Sunday, March 29, 2020

Golf is a Mind Game

We are fortunate to have golf professional Lou Thibeault as a regular columnist. Lou is a man of a few words, but his golf philosophy seems to be to choose the right words and put them into action.

Lou’s golf career began in Brockton, Massachusetts, where he was a member of a high school team. He turned professional in 1953, dreamed of being a touring golf pro, and considers himself fortunate to have been trained by the great Tommy Armour. Lou played in the Winter Tour of 1960, and the Summer Tour of 1964. He worked in clubs all over the United States: Illinois, Maine, Massachusetts, Pennsylvania, and of course, Florida. Lou retired after a successful ten years as head golf professional at Marco Island’s Hideaway Beach and is now teaching pro at The Links.

In addition to being a superb golfer, Marco Island’s Lou Thibeault is an exceptional teacher who confesses he has always been fascinated by the learning process, and believes, “Whoever said golf is 98 percent mental and two percent physical, is absolutely correct.”

He understands the brain-body connection necessary to improve one’s golf game and is persistent enough to get inside each player’s brain to help make positive changes that will be reflected in a better swing.
Lou knows from experience that no two students learn the same way, and that both age and youth offer physical limitations for which he must compensate when teaching.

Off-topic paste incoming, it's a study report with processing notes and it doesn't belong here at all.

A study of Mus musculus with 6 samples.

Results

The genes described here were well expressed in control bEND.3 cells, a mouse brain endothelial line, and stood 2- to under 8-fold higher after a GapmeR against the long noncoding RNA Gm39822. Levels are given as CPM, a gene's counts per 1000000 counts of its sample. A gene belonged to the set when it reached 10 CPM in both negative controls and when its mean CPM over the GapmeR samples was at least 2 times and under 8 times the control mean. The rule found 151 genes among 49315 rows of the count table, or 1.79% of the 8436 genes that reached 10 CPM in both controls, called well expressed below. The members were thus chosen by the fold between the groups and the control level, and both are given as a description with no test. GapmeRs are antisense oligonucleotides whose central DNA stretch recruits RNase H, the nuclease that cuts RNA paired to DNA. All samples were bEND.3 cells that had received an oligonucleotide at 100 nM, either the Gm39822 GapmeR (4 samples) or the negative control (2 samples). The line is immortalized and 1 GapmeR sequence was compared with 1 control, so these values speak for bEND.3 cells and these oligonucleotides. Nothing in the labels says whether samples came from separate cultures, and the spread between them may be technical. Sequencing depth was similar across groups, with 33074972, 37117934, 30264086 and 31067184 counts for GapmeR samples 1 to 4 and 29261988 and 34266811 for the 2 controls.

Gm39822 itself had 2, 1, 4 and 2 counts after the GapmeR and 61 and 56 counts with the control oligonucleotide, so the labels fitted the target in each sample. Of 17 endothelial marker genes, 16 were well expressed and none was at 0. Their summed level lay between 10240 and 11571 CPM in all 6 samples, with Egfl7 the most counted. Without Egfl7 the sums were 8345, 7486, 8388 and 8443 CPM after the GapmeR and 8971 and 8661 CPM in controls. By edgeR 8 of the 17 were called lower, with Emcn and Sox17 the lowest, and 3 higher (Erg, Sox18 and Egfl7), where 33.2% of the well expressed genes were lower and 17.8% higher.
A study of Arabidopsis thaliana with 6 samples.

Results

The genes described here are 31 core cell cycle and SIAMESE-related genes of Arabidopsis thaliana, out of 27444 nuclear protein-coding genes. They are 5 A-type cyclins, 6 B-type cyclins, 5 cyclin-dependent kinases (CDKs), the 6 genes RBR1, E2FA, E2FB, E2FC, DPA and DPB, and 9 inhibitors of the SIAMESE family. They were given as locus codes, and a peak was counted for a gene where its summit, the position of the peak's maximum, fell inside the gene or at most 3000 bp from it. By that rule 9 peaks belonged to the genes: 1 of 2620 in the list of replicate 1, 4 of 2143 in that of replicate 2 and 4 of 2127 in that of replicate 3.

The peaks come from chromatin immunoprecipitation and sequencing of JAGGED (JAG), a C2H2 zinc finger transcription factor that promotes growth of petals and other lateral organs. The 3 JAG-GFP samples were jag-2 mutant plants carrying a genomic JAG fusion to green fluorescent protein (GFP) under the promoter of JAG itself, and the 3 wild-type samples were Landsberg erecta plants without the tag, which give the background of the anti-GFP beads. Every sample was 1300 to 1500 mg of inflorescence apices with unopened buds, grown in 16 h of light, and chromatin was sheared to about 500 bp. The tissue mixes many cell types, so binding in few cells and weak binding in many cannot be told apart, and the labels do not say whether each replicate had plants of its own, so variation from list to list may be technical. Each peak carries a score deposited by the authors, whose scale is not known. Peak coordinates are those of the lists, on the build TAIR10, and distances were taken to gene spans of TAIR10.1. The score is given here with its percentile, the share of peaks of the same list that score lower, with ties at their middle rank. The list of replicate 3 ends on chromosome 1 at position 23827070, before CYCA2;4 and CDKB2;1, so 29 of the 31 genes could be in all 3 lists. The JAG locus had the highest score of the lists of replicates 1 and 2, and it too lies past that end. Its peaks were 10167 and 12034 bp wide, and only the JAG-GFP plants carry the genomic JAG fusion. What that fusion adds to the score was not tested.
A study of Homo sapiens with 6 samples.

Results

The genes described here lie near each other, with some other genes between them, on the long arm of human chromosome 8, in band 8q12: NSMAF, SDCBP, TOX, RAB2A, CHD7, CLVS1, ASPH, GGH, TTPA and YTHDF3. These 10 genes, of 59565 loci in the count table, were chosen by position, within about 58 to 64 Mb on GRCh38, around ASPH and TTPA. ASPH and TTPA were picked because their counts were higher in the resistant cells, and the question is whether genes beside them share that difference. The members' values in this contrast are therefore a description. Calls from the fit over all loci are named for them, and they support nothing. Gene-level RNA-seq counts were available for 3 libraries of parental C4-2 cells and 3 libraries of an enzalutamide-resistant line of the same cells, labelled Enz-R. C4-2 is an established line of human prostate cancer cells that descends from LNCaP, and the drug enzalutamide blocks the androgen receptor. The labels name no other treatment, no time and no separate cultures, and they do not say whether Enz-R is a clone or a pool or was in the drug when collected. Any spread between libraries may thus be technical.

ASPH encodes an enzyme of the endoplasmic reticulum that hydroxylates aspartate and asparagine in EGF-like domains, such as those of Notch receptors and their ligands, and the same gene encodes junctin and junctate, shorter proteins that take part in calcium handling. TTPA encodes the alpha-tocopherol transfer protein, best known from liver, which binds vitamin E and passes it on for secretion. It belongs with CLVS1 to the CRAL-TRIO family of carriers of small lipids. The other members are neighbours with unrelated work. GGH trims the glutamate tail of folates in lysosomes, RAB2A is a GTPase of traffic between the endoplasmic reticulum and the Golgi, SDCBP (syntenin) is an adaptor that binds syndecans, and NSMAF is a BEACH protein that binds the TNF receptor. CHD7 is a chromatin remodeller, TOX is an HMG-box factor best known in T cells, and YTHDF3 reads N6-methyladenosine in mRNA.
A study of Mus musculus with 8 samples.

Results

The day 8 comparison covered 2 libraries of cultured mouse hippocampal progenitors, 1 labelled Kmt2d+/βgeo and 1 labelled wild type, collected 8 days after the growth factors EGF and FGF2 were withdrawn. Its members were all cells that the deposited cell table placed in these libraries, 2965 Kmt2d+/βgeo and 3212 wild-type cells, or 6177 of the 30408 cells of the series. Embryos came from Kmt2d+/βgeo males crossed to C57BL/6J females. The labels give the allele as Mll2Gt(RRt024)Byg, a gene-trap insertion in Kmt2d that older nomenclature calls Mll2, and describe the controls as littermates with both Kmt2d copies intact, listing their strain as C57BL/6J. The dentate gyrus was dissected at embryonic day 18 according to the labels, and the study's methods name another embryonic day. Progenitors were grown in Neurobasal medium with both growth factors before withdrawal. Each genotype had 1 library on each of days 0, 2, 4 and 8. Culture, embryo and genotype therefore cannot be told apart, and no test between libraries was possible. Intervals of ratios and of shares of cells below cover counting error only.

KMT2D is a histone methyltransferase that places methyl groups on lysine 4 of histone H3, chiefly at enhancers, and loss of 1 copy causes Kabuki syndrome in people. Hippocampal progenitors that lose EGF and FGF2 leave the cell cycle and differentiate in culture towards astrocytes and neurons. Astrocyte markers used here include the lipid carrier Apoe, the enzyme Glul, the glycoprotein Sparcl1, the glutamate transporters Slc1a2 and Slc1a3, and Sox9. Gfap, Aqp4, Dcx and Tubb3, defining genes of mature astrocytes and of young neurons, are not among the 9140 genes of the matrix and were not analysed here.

“A person can absorb only so much information at a time,” he says, “and lessons must be geared with this in mind.”

So how does he apply golf magic in his instructions?

“I could talk myself hoarse, but that it would not assist the student,” Lou says. “A teaching pro must be able, with as little talk as possible, to demonstrate and then show the student how to use his own body to correct his swing. Then, the correct movement must be practiced until a state of muscle memory is achieved, where the student continues to use the correct swing motions automatically.”

Lou’s ability to communicate well with a wide spectrum of people, makes him a good educator. He understands how his students learn and is able to take anyone from his current stage of understanding and performance to the next level of expertise. These are some of the qualities that make Lou Thibeault a successful golf teaching professional. Add them to his constant state of good humor, patience, and the dignity he awards each student, and you have a unique golf mentor.

Lou says: Time and experience have led me to believe that understanding how a golf ball flies is the principle reason that people are unable to achieve higher skill levels.

Almost all new players and many experienced players with higher handicaps continue to want to hit and lift the ball. These thoughts, whether conscious or subconscious, will prevent people from learning how to swing the club properly. Improvement at a faster pace becomes easier when we substitute these words:

Eliminate the word “hit” and use the word “swing”.
Eliminate the word “up” or “under” and start using the word “down”.
Stop talking about the ball and start thinking about the club head of the golf club.

Improvement takes time, but the correct key and good practice habits will make it happen faster.

Lou Thibeault is a teaching golf professional at The Links of Naples, 16161 Tamiami Trail East, Naples. You may reach him at 394-8102, or at 417-1313.